What is Integration Testing in Small?
Integration testing in small is bringing together individual components (modules/units) that have already been tested in isolation. The objective is to test that the ‘set’ of components function together correctly by concentrating on the interfaces between the components. We are trying to find faults that couldn’t be found at an individual component testing level.
Although the interfaces should have been tested in component testing, integration testing in the small makes sure that the things that are communicated are correct from both sides, not just from one side of the interface. This is an important level of testing but one that is sadly often overlooked.
As more and more components are combined together then a subsystem may be formed which has more system-like functionality that can be tested. At this stage it may also be useful to test nonfunctional aspects such as performance.
For integration testing in the small there are two choices that have to be made:
How many components to combine in one go?
In what order to combine components.
The decision over which choices to make are what is called the ‘integration strategy’. There are two main integration strategies: Big Bang and incremental. These are described in separate sections below.
Big Bang Integration
“Big Bang” integration means putting together all of the components in one go. The philosophy is that we have already tested all of the components so why not just throw them all in together and test the lot? The reason normally given for this approach is that it saves time – or does it?
If we encounter a problem it tends to be harder to locate and fix the faults. If the fault is found and fixed then re-testing usually takes a lot longer. In the end the Big Bang strategy does not work – it actually takes longer this way. This approach is based on the [mistaken] assumption that there will be no faults.
Incremental integration is where a small number of components are combined at once. At a minimum, only one new component would be added to the baseline at each integration step. This has the advantage of much easier fault location and fixing, as well as faster and easier recovery if things do go badly wrong. (The finger of suspicion would point to the most recent addition to the baseline.)
However, having decided to use an incremental approach to integration testing we have to make a second choice: in what order to combine the components. This decision leads to three different incremental integration strategies: top-down, bottom-up and functional incrementation.
Top-down Integration and Stubs
As its name implies, top-down integration combines components starting with the highest levels of a hierarchy. Applying this strategy strictly, all components at a given level would be integrated before any at the next level down would be added.
Because it starts from the top, there will be missing pieces of the hierarchy that have not yet been integrated into a baseline. In order to test the partial system that comprises the baseline, stubs are used to substitute for the missing components.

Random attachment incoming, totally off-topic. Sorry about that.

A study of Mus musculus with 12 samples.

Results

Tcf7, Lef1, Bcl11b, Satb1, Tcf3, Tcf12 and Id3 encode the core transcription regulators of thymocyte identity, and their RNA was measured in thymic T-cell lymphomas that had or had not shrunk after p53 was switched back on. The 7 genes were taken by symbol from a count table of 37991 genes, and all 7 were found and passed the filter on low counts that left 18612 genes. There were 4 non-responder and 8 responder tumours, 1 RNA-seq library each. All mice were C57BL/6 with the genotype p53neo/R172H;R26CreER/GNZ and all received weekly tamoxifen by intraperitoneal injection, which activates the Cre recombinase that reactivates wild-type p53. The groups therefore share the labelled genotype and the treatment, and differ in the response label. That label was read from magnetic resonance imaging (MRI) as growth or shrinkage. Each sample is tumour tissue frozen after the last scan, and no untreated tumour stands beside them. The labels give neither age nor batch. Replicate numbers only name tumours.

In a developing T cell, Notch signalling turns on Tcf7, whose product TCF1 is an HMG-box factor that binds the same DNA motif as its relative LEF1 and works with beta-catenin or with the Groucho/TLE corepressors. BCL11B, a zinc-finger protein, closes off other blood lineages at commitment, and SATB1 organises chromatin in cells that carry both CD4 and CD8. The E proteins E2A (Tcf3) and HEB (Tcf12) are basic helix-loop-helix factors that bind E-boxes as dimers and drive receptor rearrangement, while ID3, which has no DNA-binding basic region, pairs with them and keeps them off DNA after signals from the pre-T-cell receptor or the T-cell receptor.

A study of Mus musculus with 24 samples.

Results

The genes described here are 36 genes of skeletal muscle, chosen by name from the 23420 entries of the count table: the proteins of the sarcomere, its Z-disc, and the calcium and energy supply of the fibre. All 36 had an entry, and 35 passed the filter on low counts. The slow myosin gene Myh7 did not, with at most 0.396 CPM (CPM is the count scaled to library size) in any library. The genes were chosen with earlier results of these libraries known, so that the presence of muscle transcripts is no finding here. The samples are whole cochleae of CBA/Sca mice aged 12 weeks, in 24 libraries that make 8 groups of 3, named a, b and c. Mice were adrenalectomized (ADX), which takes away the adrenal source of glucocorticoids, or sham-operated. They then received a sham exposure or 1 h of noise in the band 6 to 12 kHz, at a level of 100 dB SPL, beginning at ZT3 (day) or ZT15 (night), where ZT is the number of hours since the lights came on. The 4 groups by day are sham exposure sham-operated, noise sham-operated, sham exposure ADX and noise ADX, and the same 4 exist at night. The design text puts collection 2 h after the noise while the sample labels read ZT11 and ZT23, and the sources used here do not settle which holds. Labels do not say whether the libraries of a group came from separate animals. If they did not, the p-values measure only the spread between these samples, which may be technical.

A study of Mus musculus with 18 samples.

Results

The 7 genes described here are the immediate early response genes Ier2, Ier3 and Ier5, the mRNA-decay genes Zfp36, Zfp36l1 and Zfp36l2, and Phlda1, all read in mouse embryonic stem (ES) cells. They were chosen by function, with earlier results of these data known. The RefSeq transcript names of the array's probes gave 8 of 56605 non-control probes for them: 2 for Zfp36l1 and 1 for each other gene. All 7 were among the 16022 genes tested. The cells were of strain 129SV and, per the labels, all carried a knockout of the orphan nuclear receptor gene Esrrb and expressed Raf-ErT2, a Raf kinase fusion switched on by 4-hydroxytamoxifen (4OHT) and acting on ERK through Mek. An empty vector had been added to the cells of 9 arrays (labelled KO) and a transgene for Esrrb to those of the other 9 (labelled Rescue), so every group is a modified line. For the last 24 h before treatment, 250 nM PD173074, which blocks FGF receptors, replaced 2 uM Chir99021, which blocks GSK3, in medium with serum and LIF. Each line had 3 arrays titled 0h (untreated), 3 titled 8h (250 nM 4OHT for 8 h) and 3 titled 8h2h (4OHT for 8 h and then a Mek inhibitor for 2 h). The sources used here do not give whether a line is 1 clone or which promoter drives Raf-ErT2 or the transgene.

A stub replaces a called component in integration testing in the small. It is a small self-contained program that may do no more than display its own name and then return. It is a good idea to keep stubs as simple as possible; otherwise they may end up being as complex as the components they are replacing.
As with all integration in the small strategies, there are advantages and disadvantages to the approach. One advantage is that we are working to the same structure as the overall system and this will be tested most often as we build each baseline. Senior Managers tend to like this approach because the system can be demonstrated early (but beware that this can often paint a false impression of the system’s readiness). There are some disadvantages. Stubs are needed (as in all incremental integration strategies but this perhaps needs more of them). Creating stubs means extra work though it should save more effort in the long run. The details of the system are not tested until last and yet these may be the most important parts of the software.
Bottom-up Integration and Drivers
Bottom-up integration is the opposite of top-down. Applying it strictly, all components at the lowest levels of the hierarchy would be integrated before any of the higher level ones.
Because the calling structure is missing, this strategy requires a way of activating the baseline, e.g. by calling the component at the top of a baseline. These small programs are called “drivers” because they drive the baseline. Drivers are also known as test harnesses or scaffolding. They are usually specifically written for each baseline though there are a few tools on the market which provide some ‘general purpose’ support. Bottom-up integration may still need stubs as well though it is likely to use fewer of them.
You will need to balance the advantages gained from adding small increments to your baselines with the effort needed to make that approach work well. For example, if you are spending more time writing stubs and drivers than you would have spent locating faults in a larger baseline, and then you should consider having larger increments. However, for critical components, adding only one component at a time would probably be best.
Keep stubs and drivers as simple as possible. If they are not written correctly they could invalidate the testing performed.
If the planning for integration testing in the small is done at the right place in the life cycle, i.e. on the left-hand side of the V-model before any code has been written, then the integration order determines the order in which the components should be written by developers. This can save significant time.